Feanor wrote:Would it be correct to say "Kees loopt door snel"?
No, you can't say it like that.
If you have a compound verb such as doorlopen, with a separable prefix (door
, in this case), the prefix normally comes almost at the and of the sentence. In the 'default' word order, the only thing that can come after it are the so called 'other verbs': all verbs except the finite verb (if there are any, of course).
If doorlopen is the only verb in the sentence, this makes door
the last word of the sentence:
Kees loopt snel door.
But you can add some other verbs to see what I mean:
Kees zal altijd door blijven lopen.
(means something like: Kees will always keep walking on)
There are only verbs after door
As I said, this is a kind of default word order. Some variations are possible, in particular, it is possible to take one part of the sentence out and place it at the very beginning or at the very end of the sentence. This usually gives this part extra stress.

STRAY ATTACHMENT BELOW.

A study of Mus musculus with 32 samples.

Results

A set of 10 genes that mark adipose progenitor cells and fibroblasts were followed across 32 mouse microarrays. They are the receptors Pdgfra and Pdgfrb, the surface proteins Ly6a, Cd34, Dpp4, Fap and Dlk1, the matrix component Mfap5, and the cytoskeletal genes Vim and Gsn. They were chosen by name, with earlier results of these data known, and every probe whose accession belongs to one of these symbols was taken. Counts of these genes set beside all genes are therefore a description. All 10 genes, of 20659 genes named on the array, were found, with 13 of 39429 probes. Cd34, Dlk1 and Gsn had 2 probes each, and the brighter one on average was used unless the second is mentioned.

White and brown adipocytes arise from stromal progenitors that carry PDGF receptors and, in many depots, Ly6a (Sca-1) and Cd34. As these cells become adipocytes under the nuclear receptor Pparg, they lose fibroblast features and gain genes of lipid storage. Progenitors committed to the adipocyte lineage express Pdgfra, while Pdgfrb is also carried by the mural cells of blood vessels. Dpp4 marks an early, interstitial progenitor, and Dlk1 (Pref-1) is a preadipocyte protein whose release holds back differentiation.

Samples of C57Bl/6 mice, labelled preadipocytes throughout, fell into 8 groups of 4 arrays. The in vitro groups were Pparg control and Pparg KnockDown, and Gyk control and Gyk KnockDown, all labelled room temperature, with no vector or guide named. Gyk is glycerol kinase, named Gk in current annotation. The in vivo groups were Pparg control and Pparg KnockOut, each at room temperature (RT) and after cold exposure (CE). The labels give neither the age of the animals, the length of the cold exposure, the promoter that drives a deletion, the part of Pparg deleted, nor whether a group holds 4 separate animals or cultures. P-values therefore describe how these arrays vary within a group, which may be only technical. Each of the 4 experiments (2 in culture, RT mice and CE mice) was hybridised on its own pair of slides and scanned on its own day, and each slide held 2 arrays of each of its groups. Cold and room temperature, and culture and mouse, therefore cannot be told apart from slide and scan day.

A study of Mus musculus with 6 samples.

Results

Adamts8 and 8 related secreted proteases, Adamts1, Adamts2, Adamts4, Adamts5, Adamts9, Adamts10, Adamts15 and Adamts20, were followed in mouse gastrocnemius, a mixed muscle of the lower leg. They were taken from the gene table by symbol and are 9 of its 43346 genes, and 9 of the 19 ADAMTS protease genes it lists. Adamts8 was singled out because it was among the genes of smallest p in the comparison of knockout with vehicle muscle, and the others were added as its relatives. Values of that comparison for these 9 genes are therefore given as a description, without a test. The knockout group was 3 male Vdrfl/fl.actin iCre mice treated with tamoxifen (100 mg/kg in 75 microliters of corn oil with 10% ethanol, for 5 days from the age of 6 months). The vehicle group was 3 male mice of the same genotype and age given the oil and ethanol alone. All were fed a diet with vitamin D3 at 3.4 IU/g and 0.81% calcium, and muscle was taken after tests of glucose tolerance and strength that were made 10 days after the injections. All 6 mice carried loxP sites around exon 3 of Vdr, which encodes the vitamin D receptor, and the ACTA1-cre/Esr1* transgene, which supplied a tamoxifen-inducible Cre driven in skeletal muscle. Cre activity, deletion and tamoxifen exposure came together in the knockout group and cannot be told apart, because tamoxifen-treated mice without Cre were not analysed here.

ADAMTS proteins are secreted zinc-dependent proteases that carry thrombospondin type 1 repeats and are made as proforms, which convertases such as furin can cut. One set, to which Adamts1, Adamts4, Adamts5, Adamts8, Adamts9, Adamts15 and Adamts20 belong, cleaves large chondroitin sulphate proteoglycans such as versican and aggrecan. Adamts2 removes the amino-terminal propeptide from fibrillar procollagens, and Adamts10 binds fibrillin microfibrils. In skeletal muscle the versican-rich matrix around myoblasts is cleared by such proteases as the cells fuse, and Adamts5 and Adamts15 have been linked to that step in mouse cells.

There is one part of the sentence that extremely likes to be at the very end of the sentence (i.e. after the prefix and/or all verbs) and that is the so called prepositional object. This is, as the name already tells us, a part of the sentence that starts with a preposition.
Going back to your previous example:
Hij glijdt op het ijs uit
is not wrong; it actually is formed according to the standard way of making a sentence. But Hij glijdt uit op het ij
s, sounds better, because the part op het ijs
, starting with the preposition op
likes to be at the end of the sentence.
There is a lot of information about word order in the grammar pages of this website.
At this page
, and the following pages, you can read more about the prefix of a separable verb.
, you can read about deviations from the standard word order.